Legislature rethinks rules for grad tests

  • Article by: EMILY JOHNS , Star Tribune
  • Updated: March 11, 2010 - 11:27 PM

Required tests in algebra II and biology would count for 25 percent of a student's grade and the state would take on the issue of grade inflation under proposed legislation.

State tests that Minnesota high school seniors are required to pass this year for the first time to graduate would be replaced by a broader set of tests -- and unique sanctions for schools that inflate grades -- under a bill that gets a hearing Friday before a committee in the Legislature.

The changes proposed by the state Department of Education would require state tests at the end of algebra II and biology courses. Those courses are required to graduate, and the new tests would be worth a quarter of the grade for the courses. Required exams in geometry and chemistry or physics eventually would be added.

The bill also would require the state to monitor whether students' grades align with scores on their state tests -- a measure designed to deter schools from bowing to pressure to inflate grades. Officials said that Minnesota would be the first state to enact such a curb against grade inflation.

The bill eventually would force high schools that continue to inflate grades to pay for remedial courses that their graduates may need to take in college -- up to one remedial course per subject.

The goal, Education Commissioner Alice Seagren told legislators on Wednesday, is "no grade inflation, and no dumbing-down of the curriculum and telling a student they had done well when in fact they had not been taught what they needed to be taught."

If the legislation passes, schools would be required to begin giving the new tests in three years, starting with 10th-graders, and they -- the class of 2015 -- would be the first that must pass them to graduate.

The current generation of tests, called GRAD -- Graduation Required Assessments for Diploma -- are designed to measure whether a student is prepared to succeed beyond high school. It has a ninth-grade writing test, a 10th-grade reading test and an 11th-grade math test.

Educators were relieved last spring when the Legislature threw out the GRAD math test requirement, saying it was too hard. Now, students can graduate if they've passed the test once or failed it three times. Dissatisfaction with that test led state educators and policymakers to seek a new approach.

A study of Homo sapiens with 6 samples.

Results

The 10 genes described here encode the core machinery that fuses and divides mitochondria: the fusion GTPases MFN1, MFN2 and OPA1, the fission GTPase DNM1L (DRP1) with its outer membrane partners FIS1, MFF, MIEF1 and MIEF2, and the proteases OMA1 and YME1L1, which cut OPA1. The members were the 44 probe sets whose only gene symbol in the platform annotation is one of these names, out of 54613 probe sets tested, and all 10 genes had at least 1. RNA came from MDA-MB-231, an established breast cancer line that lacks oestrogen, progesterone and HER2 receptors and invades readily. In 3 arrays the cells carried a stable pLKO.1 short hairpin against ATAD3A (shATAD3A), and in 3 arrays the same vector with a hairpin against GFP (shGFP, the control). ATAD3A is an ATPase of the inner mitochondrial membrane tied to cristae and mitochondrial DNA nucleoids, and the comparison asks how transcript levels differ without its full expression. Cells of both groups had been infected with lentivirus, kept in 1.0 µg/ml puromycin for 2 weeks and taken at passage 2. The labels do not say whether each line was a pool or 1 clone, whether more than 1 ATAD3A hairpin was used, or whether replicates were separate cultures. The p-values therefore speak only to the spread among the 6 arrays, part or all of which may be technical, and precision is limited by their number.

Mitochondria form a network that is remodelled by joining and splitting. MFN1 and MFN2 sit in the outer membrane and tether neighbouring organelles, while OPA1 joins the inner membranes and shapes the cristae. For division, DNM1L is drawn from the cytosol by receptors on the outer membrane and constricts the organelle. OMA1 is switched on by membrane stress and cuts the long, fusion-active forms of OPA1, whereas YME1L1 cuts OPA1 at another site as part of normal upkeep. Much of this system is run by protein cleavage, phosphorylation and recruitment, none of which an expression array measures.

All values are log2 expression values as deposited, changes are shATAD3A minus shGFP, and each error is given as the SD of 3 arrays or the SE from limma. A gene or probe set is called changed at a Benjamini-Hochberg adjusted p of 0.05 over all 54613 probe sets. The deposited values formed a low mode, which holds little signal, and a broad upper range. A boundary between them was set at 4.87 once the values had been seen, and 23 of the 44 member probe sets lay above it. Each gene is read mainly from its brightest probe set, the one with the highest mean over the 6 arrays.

"We want to begin to point the arrows in our K-12 system towards success," said Kent Pekel, executive director of the University of Minnesota's College Readiness Consortium. He led a task force that contributed to the suggested changes.

Recent data from the Minnesota Department of Education show that 13 percent of seniors have yet to pass the reading test and 3 percent have yet to pass the writing test.

The proposed system is called ACCESS, for Achieving College- and Career-Readiness for Every Student's Success. In addition to taking the end-of-course exams, students would take a "language arts" exam in 10th grade that would test reading and writing ability.

Students would be able to get around the requirement by showing that they can be successful in some other specific ways, such as receiving a certain "college-readiness" math or science score on the ACT or SAT. There would also be an appeals process.

"We want to move away from this ... one-size-fits-all, 'Everybody-march-in-lock-step' model," said Pekel.

Some school officials said it would be unfair to "sanction" districts financially for perceived grade inflation.

"There is a wide variety of legitimate grading practices in the state," said Matthew Mohs, acting chief accountability officer for the St. Paul public schools.

Brenda Cassellius, associate superintendent for the Minneapolis public schools, said, "I'm not sure how we would pay for higher ed sanctions."

But she, like Mohs, endorsed most of the proposed changes.

"We have to have opportunities to push high standards and high rigor," she said. "Students do rise to the expectations we set for them if they know clearly what they need to do."

Emily Johns • 612-673-7460

  • For more information For a summary of what's in the bill that the Legislature is considering, go to bit.ly/dr3vM7.